Do Worship Traditions Entertain or Train Us?

Do our worship traditions entertain or train (in righteousness)?

Dimmed lights enhance the atmosphere, but where’s the Sabbath rest?

Are we in church for entertainment or do we want God’s best?

What is the goal of worship? Is it to train for spiritual war

Or to do religious motions? What have we come here for?


Do our worship traditions mean much or do we do them in vain?

We can sing to please the masses and repeat a fine refrain.

But does it bring us to the God who can sustain?

We know His Word is powerful to save, deliver, heal,

But if it doesn’t show His love, then what does that reveal?


Do our worship traditions entertain or train in righteousness,

Or, in some instances, do such traditions cause distress?

“You’ve made the scriptures to have no effect through your tradition,”

Jesus told the men bound in religious superstition.

Had their worship turned into a music competition?


For God’s Word was in their minds but yet it wasn’t in their heart.

The Holy Spirit’s presence they neglected to impart.


Though in the seat of Moses, a position of respect,

They had no power to cast out demons, heal, or resurrect.

When Jesus healed the man who suffered from a withered hand,

They hated His authority. To have Him killed they planned.

Therefore, it seems their worship really wasn’t all that grand.


For God desires worship both in spirit and in truth,

But fleshly worship ends in death. It doesn’t bear good fruit,

Because when it’s man-made, then self-reliance soon sets in,

With defiance of God’s will, and then no one can win.

It’s like a heavy Jeroboam golden calf idol of sin.


Such church traditions entertain, but band members aren’t called.

Just anyone can join the team. The godly are appalled,

For graven ways of doing things drain power from the church,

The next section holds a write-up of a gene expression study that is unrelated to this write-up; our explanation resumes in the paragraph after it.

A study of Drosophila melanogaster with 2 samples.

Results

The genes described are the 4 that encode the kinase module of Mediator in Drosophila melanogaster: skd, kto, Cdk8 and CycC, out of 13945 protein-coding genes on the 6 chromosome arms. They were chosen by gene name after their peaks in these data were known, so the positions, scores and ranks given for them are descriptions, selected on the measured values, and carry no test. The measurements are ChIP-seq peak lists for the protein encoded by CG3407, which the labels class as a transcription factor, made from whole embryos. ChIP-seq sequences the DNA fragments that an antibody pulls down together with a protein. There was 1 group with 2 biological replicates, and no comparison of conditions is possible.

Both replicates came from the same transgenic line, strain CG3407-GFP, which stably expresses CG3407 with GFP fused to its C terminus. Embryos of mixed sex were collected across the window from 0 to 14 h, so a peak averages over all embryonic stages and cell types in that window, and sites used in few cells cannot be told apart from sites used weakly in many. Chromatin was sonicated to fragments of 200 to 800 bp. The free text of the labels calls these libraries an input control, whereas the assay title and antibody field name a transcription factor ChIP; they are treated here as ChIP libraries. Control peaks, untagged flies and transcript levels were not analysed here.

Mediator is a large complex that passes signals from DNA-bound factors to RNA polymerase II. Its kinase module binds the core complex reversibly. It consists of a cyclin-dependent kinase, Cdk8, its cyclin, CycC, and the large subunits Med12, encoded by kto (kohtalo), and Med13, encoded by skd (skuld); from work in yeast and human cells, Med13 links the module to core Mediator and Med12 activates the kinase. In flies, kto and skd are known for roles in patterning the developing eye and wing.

And truly gifted people find themselves left in the lurch,

Shut out by praise that’s dry. It’s not the well for which they search.


And what if Christ should suddenly appear within our church?

Would we like how we’ve portrayed the One for whom the sheep do thirst?

For if we say “believe for wonders” but don’t show them many,

Aren’t some likely to conclude, “They really haven’t any”?


Author: C R Flamingbush

C.R. Flamingbush grew up in Wheaton, Illinois and graduated from Georgetown University with a degree in German and linguistics. After working seven years for the Department of Defense (an easy job), she took on the most difficult challenge in the world: a lifetime career of raising four children. Along the way she developed a passion for writing Christian superhero fantasy. She enjoys humor because it's Biblical (see the second psalm) and she loves to make people laugh - whether through her writings, her art, or just by being herself. Writing fantasy is her way of poking fun at human foibles and all the ridiculous ideas that so easily beset the human race, while at the same time honoring God in every way she can. Flamingbush has been a member of Faithwriters since 2010, and several of her winning contest entries have been published by Fresh Air Press. She likes Fan Story and has been a Narnia fan since the age of ten. In terms of influence, she aspires to be the next C.S. Lewis but has quite a ways to go in that regard. Speed of Sight, a Superhero Adventure, is her first novel. A sequel is in the works.